The following is a video transcript.

The holidays are fast approaching and U.S. LawShield wishes all of our members a safe and wonderful holiday season. The holidays are not just a joyous occasion for the law-abiding citizen, but also for the criminals who take advantage of the season. Criminals know that people are distracted during this time of year with shopping and all the festivities the holidays bring with them. That is why it is extremely important to remain alert and aware of your environment at all times. This is especially important as we’re out doing holiday shopping, as there is no better opportunity for a criminal to attack than when we’re walking out in a mall parking lot at night, loaded down with shopping bags.

Always stay alert and pay attention to your surroundings in a parking lot. But, if you find yourself the prey of a criminal, it is equally important to know what the law allows you to do in order to protect yourself. Under Florida Law, a person is justified in using or threatening to use non-deadly force if he or she feels that such force is needed to prevent the imminent unlawful use of force by the attacker. Furthermore, you are allowed to use non-deadly force to protect your property. In order to be justified using or threatening to use deadly force, you must reasonably believe that such is needed to prevent imminent death or great bodily harm to yourself or another person.

You are also justified in using deadly force if such force is necessary to prevent the commission of a forcible felony such as an aggravated assault, robbery, or sexual battery. Let’s apply the law to the typical holiday parking lot robbery. Imagine you are walking to your car loaded down with bags after a long day of shopping. As you approach your car, someone rushes you and tries to take your shopping bags or your purse from you.

Would you be justified in using non-deadly or deadly force to stop the attack? Without a doubt, you are justified in using non-deadly force. The attacker is touching you without your permission and is trying to take your property. You would be allowed to use non-deadly force to stop the attack and to protect your property.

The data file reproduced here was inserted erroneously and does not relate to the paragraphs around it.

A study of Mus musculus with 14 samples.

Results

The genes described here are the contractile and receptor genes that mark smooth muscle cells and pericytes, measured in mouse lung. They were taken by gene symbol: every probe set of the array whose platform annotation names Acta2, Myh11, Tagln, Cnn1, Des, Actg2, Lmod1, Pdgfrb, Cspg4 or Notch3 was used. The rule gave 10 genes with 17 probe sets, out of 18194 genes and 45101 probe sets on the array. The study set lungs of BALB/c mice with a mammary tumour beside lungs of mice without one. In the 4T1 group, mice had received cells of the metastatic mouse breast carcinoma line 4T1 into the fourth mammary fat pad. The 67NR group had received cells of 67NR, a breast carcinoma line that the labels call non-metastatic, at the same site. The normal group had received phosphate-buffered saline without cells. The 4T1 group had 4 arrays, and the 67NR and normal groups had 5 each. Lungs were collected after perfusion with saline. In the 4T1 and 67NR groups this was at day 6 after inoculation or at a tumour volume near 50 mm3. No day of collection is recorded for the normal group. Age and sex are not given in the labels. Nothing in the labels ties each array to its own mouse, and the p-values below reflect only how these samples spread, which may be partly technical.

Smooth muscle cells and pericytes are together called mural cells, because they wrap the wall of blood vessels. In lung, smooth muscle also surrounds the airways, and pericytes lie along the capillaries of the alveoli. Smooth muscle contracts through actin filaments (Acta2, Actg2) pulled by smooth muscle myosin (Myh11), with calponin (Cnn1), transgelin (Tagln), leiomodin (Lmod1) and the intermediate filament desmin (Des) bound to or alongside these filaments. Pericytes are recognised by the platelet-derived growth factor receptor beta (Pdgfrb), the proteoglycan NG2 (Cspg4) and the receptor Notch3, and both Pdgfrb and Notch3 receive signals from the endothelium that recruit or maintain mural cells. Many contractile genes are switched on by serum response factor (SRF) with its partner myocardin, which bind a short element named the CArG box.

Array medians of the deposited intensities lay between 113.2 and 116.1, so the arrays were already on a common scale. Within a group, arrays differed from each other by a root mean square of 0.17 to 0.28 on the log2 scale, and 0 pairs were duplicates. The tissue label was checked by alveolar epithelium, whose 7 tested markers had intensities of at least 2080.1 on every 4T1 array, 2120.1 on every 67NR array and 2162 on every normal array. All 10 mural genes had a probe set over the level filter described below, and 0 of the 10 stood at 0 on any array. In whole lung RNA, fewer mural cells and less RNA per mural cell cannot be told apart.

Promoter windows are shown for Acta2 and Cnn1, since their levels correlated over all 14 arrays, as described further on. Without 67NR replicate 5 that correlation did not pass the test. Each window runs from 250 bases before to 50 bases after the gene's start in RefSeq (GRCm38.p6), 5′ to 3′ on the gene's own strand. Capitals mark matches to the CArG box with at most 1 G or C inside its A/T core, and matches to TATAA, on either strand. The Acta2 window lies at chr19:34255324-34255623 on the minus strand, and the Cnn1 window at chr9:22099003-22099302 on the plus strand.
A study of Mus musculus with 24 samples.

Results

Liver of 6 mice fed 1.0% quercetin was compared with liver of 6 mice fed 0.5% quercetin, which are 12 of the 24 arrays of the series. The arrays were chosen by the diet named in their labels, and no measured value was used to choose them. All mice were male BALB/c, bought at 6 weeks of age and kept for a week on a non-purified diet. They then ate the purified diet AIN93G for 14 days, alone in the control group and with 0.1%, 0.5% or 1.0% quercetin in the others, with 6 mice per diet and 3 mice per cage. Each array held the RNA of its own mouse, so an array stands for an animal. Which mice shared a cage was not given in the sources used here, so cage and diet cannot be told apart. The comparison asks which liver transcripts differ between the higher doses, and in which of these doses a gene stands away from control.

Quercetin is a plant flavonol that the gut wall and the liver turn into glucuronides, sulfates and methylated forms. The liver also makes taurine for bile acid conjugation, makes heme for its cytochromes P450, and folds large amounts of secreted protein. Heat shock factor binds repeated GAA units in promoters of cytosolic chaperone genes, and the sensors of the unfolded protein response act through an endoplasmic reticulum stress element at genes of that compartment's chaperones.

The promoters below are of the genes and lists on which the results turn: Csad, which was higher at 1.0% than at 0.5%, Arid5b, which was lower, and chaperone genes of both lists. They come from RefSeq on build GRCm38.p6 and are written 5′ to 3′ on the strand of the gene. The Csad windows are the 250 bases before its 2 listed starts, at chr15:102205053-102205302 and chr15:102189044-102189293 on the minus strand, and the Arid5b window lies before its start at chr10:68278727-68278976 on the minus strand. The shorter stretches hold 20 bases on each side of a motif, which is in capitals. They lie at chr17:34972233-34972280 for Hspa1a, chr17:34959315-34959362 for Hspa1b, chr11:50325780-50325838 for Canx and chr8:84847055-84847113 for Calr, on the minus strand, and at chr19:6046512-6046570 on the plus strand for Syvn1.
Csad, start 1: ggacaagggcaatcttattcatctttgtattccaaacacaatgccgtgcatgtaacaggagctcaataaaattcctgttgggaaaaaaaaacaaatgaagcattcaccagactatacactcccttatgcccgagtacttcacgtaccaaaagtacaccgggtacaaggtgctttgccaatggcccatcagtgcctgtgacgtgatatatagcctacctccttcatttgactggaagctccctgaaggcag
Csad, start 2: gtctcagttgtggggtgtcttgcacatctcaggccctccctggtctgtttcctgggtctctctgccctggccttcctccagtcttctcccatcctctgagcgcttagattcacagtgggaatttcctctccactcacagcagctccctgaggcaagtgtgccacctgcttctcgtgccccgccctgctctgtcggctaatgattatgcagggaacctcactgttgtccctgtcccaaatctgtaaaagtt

So what about using deadly force? It will all come down to whether it is reasonable to believe death or great bodily harm is going to occur or if such force is necessary to stop the forcible felony of robbery. If the attacker has a weapon such as a knife or a gun, then there is no question you would be justified in using deadly force. However, if the attacker does not have a weapon, the question becomes more difficult to answer. If a weapon is not involved then other factors such as size, age, disability, the amount of force the attacker uses, and other factors surrounding the attack will become factors for the jury to determine if your actions were reasonable and necessary. Once the robbery is over with then you will no longer be justified in using deadly force.

However, although I do not advise it, you would be allowed to use non-deadly force to try and take back your property. Remember, just because you have the legal right to do something does not mean you should. No property is worth risking your life.

If you have any questions regarding the use of non-deadly or deadly force in Florida or any other self-defense related question, please give U.S. LawShield a call and ask to speak to your Independent Program Attorney. Have a safe holiday season.